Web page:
Hi, it's me Streaky. Today I'm going to show you how to go from this muddy low-end sound (music playing), to this lovely, clear and punchy low end sound. (Music playing). So how do you get your EQ to work? So it's really, really simple to get a muddy bass sound, sounding really tight. Well today I'm going to show you how I do it. I've been doing it for years obviously. If you're new here, I've been mastering for 25 years, and now I'm here to tell you everything I know before I retire into the sunset.
So here we are in FabFilter Pro-Q 3 as normal. Now, the reason why I use this is because it's a standard EQ. It's got everything on it. It's got dynamics and everything, and it's really good graphical interface so that you can see what I'm doing. But this trick I'm about to show you basically, you can use it at any EQ. It doesn't really matter that you use this. Every EQ is going to give you a different sound, every EQ going to have a different way of working, but this is the basics of it. Now, let me just turn my speakers off and put my headphones on. I don't normally master in headphones, but you'll get feedback and it'll be a dreadful sound and you won't be able to hear my lovely, gorgeous voice. So I'll turn the speakers off. I'm on headphones and I'll show you this trick.
Now, muddy bass is this thick sound. If you don't know what that is, it's a thick sound in the low end, around where you would hear the bass, the lower synths stuff like that. It's any frequencies between around 100 and 400. So that's where you're looking at for muddy bass. So let me just show you how I go about getting rid of that. I do this a lot because a lot of people have a lot of muddy bass going on now. I've got a track here. Let's have a quick listen to it. (Music playing).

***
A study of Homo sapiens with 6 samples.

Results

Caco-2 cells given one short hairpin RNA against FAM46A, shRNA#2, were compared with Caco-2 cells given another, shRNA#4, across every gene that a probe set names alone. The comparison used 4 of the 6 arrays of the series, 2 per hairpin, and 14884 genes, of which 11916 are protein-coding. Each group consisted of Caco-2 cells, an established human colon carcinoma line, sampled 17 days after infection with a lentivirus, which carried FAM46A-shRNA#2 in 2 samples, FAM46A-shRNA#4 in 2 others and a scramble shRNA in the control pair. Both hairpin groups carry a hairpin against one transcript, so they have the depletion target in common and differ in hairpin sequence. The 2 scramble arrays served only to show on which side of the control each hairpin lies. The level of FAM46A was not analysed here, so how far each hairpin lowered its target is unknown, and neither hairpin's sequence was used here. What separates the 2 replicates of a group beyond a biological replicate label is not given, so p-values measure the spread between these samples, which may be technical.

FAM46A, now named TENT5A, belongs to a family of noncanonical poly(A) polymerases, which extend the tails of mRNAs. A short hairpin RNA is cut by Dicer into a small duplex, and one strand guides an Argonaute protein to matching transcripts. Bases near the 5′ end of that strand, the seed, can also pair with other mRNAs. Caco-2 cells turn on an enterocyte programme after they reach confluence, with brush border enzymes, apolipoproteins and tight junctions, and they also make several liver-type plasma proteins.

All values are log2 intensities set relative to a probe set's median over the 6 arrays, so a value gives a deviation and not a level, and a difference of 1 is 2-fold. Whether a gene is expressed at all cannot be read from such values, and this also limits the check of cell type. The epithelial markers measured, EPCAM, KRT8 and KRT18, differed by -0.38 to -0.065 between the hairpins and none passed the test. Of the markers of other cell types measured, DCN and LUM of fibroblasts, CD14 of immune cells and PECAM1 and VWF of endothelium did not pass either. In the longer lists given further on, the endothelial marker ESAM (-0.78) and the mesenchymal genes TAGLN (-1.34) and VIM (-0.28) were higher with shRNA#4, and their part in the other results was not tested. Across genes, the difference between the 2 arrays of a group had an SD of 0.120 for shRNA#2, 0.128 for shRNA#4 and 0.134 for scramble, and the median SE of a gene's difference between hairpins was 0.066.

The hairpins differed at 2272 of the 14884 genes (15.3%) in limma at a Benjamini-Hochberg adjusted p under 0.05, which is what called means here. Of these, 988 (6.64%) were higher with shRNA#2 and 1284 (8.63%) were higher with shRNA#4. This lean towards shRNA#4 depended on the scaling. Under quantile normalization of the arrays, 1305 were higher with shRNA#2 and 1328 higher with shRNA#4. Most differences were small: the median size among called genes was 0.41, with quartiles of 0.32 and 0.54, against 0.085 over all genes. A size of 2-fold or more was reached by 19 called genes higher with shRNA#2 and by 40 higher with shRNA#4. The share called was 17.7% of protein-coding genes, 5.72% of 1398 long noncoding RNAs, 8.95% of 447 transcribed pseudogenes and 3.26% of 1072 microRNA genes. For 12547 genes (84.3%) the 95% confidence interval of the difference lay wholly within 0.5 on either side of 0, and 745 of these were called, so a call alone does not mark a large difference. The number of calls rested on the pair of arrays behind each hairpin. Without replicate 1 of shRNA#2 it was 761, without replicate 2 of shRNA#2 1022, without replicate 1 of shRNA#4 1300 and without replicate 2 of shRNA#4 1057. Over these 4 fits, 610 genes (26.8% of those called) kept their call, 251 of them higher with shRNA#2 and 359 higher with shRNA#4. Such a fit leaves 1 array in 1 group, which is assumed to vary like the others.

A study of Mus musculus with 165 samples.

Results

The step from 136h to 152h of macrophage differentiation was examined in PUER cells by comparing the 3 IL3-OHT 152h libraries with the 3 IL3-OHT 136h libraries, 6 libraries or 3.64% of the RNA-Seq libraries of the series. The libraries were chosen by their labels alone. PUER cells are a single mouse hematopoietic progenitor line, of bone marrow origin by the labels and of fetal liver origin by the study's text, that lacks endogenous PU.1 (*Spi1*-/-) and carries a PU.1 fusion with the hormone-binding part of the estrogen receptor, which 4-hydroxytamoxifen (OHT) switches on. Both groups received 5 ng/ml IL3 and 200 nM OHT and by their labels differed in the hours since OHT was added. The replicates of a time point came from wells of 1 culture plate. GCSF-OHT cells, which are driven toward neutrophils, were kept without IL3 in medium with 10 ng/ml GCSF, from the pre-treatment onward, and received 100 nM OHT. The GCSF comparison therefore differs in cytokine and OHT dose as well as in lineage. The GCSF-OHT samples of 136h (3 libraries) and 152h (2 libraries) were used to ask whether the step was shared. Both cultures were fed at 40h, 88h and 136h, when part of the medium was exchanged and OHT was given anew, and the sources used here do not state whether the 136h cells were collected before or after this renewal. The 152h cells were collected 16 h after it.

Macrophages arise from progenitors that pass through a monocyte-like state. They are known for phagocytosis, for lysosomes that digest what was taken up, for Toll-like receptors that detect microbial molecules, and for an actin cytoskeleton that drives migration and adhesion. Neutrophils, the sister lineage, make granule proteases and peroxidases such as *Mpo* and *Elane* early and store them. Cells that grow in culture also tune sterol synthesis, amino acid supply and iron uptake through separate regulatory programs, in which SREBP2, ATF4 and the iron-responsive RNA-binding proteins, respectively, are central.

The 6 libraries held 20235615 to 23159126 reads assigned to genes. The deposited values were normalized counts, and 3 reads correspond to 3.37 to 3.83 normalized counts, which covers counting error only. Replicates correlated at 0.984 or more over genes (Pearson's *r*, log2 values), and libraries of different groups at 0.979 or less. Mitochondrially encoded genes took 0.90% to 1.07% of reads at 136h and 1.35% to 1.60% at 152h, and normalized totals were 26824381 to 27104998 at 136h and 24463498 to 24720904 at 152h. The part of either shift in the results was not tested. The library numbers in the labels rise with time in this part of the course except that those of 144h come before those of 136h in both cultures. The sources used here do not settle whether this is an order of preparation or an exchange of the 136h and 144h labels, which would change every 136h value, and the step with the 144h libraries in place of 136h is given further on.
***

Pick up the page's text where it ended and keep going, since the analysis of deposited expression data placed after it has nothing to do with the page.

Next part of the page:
So here we go. I need to find the frequency. So that's basically, you've heard the track. Let's find the area that we think is a little bit boomy. Let's start. (Music playing). So you can hear it’s a little bit boomy. So on this, you've got like a little headphone thing, so boost it there. So that's too high start getting into the 300Hz range. This is where we can hear it's booming out a bit. Now I know through experience and this is on a lot of tracks. I normally find it around between 160 and 220. So there's a little tip bit for you. So let's just make the queue on this a little bit tighter and then we'll listen again. So there are some other plugins that do this. I know that there's I think it's called veriscope, or something that you can do and scan this. But so you can hear there, that's a bit boomy area.
So I always go around 160ish. So what we'll do then, we'll drag this frequency down and this is quite extreme. I'm showing you quite an extreme example of doing this because when mastering, I only do 1 to 2dB tweaks at a time. You wouldn't see me ever take out 4 or 5 dB, but because of the algorithm on YouTube, you won't be able to hear it once it's changed right here as much. Let's press play and hear how this sounds with this coming out. Let me keep it in bypass. So around 160Hz. (Music playing). So boxy and muddy. Now we drop this out. Really cleans up that low end. (Music playing).
With the Pro-Q 3, you can actually put in dynamic mode and move it up. It's a little bit more of an advanced technique, but you can stick that into there. So give that a try too. Let’s have a listen. (Music playing). So I’ll only come in then when that muddiness is there, which is a nice trick. As I always say in all my videos, make sure you're using your ears. When you're doing this, don't just go on what settings I've used. I would say I'm guaranteeing you. It's always around 160 to 200. Try and take away as little as possible. The less can take away the better, but you're still going to need to take certain amount of it away. Try and get away with the short, the smallest queue you can. But you usually have to go a little bit broader or it's strips a little bit. You can watch my video on subtractive EQ that I did a couple of weeks ago. So I'll link that above. But here, this subtracts EQ for the muddiness, it's a really good trick when you do this on a lot of stuff, and then you start doing some other tricks that I show you and join them together. You can get some really smacking low end on your mixed bus or in mastering. So give this a try and you'll be amazed with how much it cleans up the low end.
So that was how to get rid of your muddy bass. And the video coming up now is on subtractive EQ. So make sure you watch that because you'll get an even bigger insight how to take away muddy and horrible frequencies from your mix bus or mastering.